The Cambrian

CCSD may say tests are Corps responsibility

The Cambria Community Services District appears poised to leave environmental clearance for beach well testing needed for desalination planning in the hands of the Army Corps of Engineers, a federal agency that would have to meet federal standards, but not requirements of the California Environment Quality Act (CEQA).

On the agenda for to-day’s district board meeting is adoption of a resolution “acknowledging U.S. Army Corps of Engineers’ sole responsibility for the Santa Rosa Creek Beach geotechnical and hydrogeological study.”

As a federal agency, the Corps doesn’t have to get project permission from county or state agencies, but must submit notice of a “categorical exclusion for

planning and technical studies.” The Corps sent a notice dated Dec. 21 to the state Coastal Commission stating that the proposed testing on, under and near the beach at the mouth of Santa Rosa Creek is “consistent to the maximum extent practicable with the California Coastal Act” and asking that the commission agree with the “consistency determination.”

Commission consideration was scheduled for April 15, but was postponed to a later date. Commission staffer Tom Luster said April 9 he hopes to schedule the hearing at the agency’s mid-May meeting, but that action will depend on what the services district board decides today and decisions by the Corps.

The Cambria district originally called a special meeting Jan. 5 to consider filing a notice of exemption from CEQA, in line with the Corps notice to the commission, but after public testimony about potential environmental impacts, instead decided to do an initial environmental study under CEQA. On Jan. 14, it filed a “negative declaration” with the county, stating, “there is no substantial evidence that the Project may have a significant ef fect on the environment.”

The district’s report has drawn more than 100 pages of comments from individuals, groups and permit-issuing agencies.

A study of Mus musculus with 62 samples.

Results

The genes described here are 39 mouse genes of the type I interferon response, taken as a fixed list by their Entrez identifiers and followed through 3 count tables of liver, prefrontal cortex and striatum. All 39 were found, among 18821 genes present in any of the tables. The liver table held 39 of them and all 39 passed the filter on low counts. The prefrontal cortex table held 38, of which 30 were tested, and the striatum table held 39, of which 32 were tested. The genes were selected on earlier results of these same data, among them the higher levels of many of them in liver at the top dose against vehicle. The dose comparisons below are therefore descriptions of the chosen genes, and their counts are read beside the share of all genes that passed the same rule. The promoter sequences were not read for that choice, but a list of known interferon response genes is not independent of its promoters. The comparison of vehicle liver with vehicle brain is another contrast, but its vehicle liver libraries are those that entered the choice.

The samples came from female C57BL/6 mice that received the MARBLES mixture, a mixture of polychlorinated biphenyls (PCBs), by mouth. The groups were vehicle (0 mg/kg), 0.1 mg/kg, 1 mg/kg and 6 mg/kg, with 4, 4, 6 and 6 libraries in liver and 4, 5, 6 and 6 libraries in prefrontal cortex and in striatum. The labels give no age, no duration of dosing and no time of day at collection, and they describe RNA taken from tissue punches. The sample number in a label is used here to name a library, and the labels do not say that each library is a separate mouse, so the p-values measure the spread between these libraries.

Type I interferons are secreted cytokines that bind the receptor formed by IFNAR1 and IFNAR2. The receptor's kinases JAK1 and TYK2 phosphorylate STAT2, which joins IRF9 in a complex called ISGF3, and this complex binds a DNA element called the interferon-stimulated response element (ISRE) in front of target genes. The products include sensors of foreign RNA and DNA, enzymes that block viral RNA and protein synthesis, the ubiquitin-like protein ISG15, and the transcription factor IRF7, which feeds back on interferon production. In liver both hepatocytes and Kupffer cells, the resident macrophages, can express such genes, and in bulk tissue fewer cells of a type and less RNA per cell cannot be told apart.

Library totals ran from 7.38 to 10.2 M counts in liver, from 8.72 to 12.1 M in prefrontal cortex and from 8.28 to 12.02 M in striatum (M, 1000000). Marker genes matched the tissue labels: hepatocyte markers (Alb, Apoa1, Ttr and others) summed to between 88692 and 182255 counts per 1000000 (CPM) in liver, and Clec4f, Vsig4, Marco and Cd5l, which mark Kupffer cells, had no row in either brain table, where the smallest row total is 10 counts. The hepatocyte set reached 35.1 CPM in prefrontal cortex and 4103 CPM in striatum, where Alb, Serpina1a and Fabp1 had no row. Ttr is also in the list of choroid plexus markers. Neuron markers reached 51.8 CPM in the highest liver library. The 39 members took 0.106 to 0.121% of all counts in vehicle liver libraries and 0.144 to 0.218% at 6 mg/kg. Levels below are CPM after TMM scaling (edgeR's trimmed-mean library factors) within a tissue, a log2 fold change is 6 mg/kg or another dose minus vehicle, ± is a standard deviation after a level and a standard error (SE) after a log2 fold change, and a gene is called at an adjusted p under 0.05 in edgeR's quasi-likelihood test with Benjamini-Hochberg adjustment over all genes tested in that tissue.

Adoption of that report by the CCSD board was postponed at its meetings on Feb. 25 and March 25.

Testing at the current site has been part of CCSD plans since mid-2008, after the Coastal Commission turned back plans to do testing at the mouth of San Simeon Creek. The tests call for drilling up to 10 test holes so the soil can be studied and converting up to three holes into test wells so the potential water flow can be tested—all to determine if the area could supply enough water to supply a desalination plant.

The actual desalination plant would be located away from the beach and would be subject of a full environmental impact report before construction.

The Corps is involved in Cambria’s desalination project because federal money, including so-called “stimulus funds,” have been pledged to design and build the plant. Under the project cooperation agreement between the two agencies, the desalination project is a joint ef fort of the two agencies.

According to Greg Sanders, president of the district board, he and Director Muril Clift, General Manager Tammy Rudock and District Engineer Bob Gresens met Friday, April 16, with high-level Corps staf fers, including Col. Thomas Magness, commander of the Los Angeles District office, and other senior members of the team that’s working on Cambria’s desalination project.

Sanders said Sunday, April 18, he couldn’t divulge specifics about the meeting, because other district board members hadn’t been briefed. Also, the district is waiting for a confirmation letter from the Corps that would detail exactly how the agency will proceed.

Cambrian Editor Bert Etling contributed to this report.